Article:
Does Paris need new skyscrapers?
Paris is set to follow London's race into the skies with 12 new skyscrapers.
A hundred and twenty years ago, the English designer William Morris was asked why, in the French capital, he spent so much time at the Eiffel Tower.
"It is," he explained, "the only place I can't see it from."
Today he would probably choose the Tour Montparnasse that rises like a 59-storey black gravestone where once was a neighbourhood of political dreamers, artists and poets.
After they built this office block in 1973, the outcry was so loud, they banned new buildings over seven storeys high. But the mayor, Bertrand Delanoe, overturned that ban outside the city centre at least.
Paris city hall believes that skyscrapers - albeit of a certain sort, in certain places - are just what Paris needs.
Jerome Coumet, the young mayor of the city's 13th district, is excited by the fact that some of the new skyscrapers - including one by French architecture star Jean Nouvel - will be going up in his part of town.
"A city is something that constantly renews itself," says Mr Coumet in the office of his fine 19th-Century town hall.
"Paris attracts more tourists than any other city in the world," he says. He does not think it a bad thing that much of Paris is, as he puts it, is "a museum city".
But, says Mr Coumet, "I'm convinced that just as people go to visit the new parts of London, people will come to see extraordinary new architecture in Paris."
"French architects work all over the world," he says. "They should also be able to express themselves in Paris."
Up in the north of Paris, a huge site of railway wasteland has been cleared.
Here it is the Italian architect Renzo Piano who is about to express himself, with a 160m-high (524ft) tower of four steel and glass boxes placed on top of each other. It will house law courts. So the transparency is a metaphor, Piano says.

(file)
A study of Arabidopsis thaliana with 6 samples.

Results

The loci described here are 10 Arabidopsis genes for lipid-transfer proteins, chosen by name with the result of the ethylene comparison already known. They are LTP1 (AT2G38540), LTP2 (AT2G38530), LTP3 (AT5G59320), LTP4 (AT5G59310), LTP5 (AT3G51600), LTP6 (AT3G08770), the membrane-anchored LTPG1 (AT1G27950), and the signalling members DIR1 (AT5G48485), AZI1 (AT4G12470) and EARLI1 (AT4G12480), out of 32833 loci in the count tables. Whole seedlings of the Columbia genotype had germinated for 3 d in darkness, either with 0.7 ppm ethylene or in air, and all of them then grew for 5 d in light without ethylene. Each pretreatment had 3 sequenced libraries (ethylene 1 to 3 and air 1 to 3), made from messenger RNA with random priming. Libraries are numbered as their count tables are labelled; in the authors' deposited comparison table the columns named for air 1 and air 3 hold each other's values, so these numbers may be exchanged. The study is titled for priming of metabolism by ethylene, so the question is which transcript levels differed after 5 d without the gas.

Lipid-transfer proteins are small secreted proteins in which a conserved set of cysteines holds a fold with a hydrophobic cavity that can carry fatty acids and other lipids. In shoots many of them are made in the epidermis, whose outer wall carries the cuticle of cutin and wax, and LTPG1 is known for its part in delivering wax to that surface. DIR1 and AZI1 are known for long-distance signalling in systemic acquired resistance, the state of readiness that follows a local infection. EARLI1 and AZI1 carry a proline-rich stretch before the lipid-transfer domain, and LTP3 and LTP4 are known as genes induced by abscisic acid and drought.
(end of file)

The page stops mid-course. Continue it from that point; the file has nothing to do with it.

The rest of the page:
He was one of the architects who designed the Pompidou art centre (the one with the escalator and the pipes on the outside). And the Shard, the building that now dwarfs London's Tower Bridge.
Olivier de Monicault is president of the anti-skyscraper pressure group SOS Paris. He has a name for this sort of building - "rupture architecture" - and he hates it.
Modern architects, he says, make no attempt to fit in with the architecture of the cities they build in. "Usually the architect makes a project, then he tries to sell it in any place in the world," he says.
And, in any case, says Mr de Monicault, the last thing they want is to fit in. They want their building to stand out. Literally and as much as possible.
"[The architect] wants to become famous with his building and so he thinks he makes something very strange, very different [from] the place where he's building it," he argues.
However, Paris city hall stresses that the city is not about to become Dubai.
The new height limit of 180m is quite a lot lower than the Eiffel Tower.
"Paris is competing hard with other cities like London as an international capital," says Paris district mayor Jerome Coumet.
"Paris too must be able to offer modern office space."
But, ask city hall's opponents, what will be the demand for office blocks even 10 years from now?
Back to ground?
"Office work is destined to disappear," says philosopher Thierry Paquot, who recently published a book called La Folie des Hauteurs (Height Madness).
"We're already contracting out a lot of paperwork - accounting for example - to workers in countries like India and Morocco and every manager has his smartphone and does his own correspondence."
The world of work is undergoing a huge transformation, Paquot says, adding: "I think we're moving towards a world where people will work at home or in cafes and, when they have to meet, they'll do so not in a skyscraper but somewhere really nice."
Neither, say their critics, do skyscrapers make good economic sense.
"They cost a lot to build, to manage and to demolish properly [in accordance with] the new regulations," according to Bertrand Sauzay, former real estate director of telecom equipment maker Alcatel.
Mr Sauzay studied moving his company's headquarters into three skyscrapers in the La Defense business district west of Paris. The experience turned him into an anti-skyscraper campaigner.
In the end his company chose to renovate its old headquarters in the city centre.
There is every sign that city hall's decision to build high in Paris will be one of the issues that will decide municipal elections in March of next year.
Anne Hidalgo, the candidate the Socialist Party has selected to succeed Mr Delanoe, was not available for an interview but has often argued in favour of building much higher apartment blocks.
"We mustn't let ourselves be imprisoned by a 'heritage vision' of the city," Ms Hidalgo told the news magazine L'Express.
"We are working towards a "genero-city" which is to say a city that is open, convivial and in vibration."
Her probable conservative opponent in next year's election, Nathalie Kosciusko-Morizet, said a few days ago: "You don't embellish a city by building isolated tower blocks that disfigure it."